Body Hacks to Slow Down Aging

Body hacking, not the movement in which people implant microchips or other technologies into their bodies, but the hacks that can slow aging are gaining the attention of researchers around the world. 

According to a recent alumni talk by human biologist Anne Friedlander at Stanford University, exercise physiology can be used to slow aging and optimize health.  By studying how the body changes in different environments and understanding the physiology, older adults can learn to make better choices that can significantly improve their health.

Bio-hacking may be a more apt title for the talk that focuses on bringing movement back into our lives in a time when we have engineered daily activity out of our lives.  From too much screen time, driving everywhere or doing all our shopping online,  Friedlander observes that we as a society have compartmentalized exercise into gyms.   But how many of us make time in our lives to regularly go to the gym and what are the activities that offer the most “bang for your buck” in terms of aging well?

Physical activity is proven to lower rates of physical decline, disease and cognitive deficits allowing seniors to function better in older age. But despite this knowledge, only about 20 per cent of Americans reach the recommended goal of 150 minutes of activity each week.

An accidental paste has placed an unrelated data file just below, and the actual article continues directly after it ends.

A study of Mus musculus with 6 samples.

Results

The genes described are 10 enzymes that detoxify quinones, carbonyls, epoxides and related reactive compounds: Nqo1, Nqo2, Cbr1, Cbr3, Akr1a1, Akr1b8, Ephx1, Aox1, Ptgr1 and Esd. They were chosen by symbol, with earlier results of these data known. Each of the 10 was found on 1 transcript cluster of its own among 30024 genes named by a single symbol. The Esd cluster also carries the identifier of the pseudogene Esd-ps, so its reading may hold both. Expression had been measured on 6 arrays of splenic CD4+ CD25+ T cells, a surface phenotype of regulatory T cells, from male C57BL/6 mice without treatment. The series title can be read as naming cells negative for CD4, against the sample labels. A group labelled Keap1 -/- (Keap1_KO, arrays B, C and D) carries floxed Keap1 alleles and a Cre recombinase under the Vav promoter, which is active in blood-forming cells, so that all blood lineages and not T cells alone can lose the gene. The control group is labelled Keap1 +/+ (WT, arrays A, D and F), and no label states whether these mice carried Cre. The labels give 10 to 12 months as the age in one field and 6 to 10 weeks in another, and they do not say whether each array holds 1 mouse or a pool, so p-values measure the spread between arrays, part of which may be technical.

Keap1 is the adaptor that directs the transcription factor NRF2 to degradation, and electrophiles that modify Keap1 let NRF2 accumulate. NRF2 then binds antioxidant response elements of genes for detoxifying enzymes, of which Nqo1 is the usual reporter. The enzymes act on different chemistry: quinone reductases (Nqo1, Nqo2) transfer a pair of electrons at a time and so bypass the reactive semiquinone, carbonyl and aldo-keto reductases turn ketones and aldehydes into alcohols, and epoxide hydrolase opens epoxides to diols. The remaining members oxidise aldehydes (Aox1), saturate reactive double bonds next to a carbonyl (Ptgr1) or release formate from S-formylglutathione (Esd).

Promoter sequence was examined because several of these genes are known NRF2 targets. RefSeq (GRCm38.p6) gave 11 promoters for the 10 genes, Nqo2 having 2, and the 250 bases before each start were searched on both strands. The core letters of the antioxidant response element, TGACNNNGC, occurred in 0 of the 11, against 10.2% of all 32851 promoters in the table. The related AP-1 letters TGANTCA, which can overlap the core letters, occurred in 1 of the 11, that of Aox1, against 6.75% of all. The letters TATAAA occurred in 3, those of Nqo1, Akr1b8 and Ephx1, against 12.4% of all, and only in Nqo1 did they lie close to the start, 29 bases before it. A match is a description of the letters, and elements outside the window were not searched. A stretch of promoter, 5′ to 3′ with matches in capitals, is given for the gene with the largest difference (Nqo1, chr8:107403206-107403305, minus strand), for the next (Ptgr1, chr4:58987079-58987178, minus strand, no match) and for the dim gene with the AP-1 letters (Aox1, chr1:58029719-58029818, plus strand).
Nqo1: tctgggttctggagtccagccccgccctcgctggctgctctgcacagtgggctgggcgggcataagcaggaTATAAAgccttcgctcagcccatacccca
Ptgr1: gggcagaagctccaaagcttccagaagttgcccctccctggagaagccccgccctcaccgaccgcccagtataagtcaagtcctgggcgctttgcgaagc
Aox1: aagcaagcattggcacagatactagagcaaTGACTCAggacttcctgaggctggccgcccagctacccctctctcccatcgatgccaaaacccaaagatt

Hacks to return exercise to your life for successful aging:

  • HIT (high intensity interval training); short bursts of intense activity (cycling, treadmill, swimming) followed by rest offers big health and fitness benefits.
  • Strength (resistance) training helps maintain function, higher bone density, a better body weight and a longer life.  Lifting to “failure” is more important than weight and one set may be sufficient. (15 mins).
  • Avoid sedentary behavior – health improves dramatically when a sedentary person becomes even a little active;  just 30 minutes of walking, gardening, cycling or swimming per week in five or ten minutes intervals can be beneficial. 
  • Lower hours spent sitting – less time spent sitting decreases risk for death.  Interrupt time sitting; get up and move every hour.  Try sitting on a ball or use a standing desk while working, take phone calls standing up, walk after every meal, get up during ads while watching tv.

Maintaining function and independence in older age and increasing longevity is directly related to the amount of physical activity performed.   Brain activity is also increased following physical activity which may protect the aging brain against cognitive decline.   If there is a fountain of youth, it’s exercise and whether you are just getting up off the couch for a short walk around the block or running marathons, all evidence points to movement as the best prescription we have for aging successfully.

To watch the full talk on youtube follow this link.

As with any new exercise or diet program, check with your doctor about the safety and long-term benefits and risks associated with any of the suggested activities.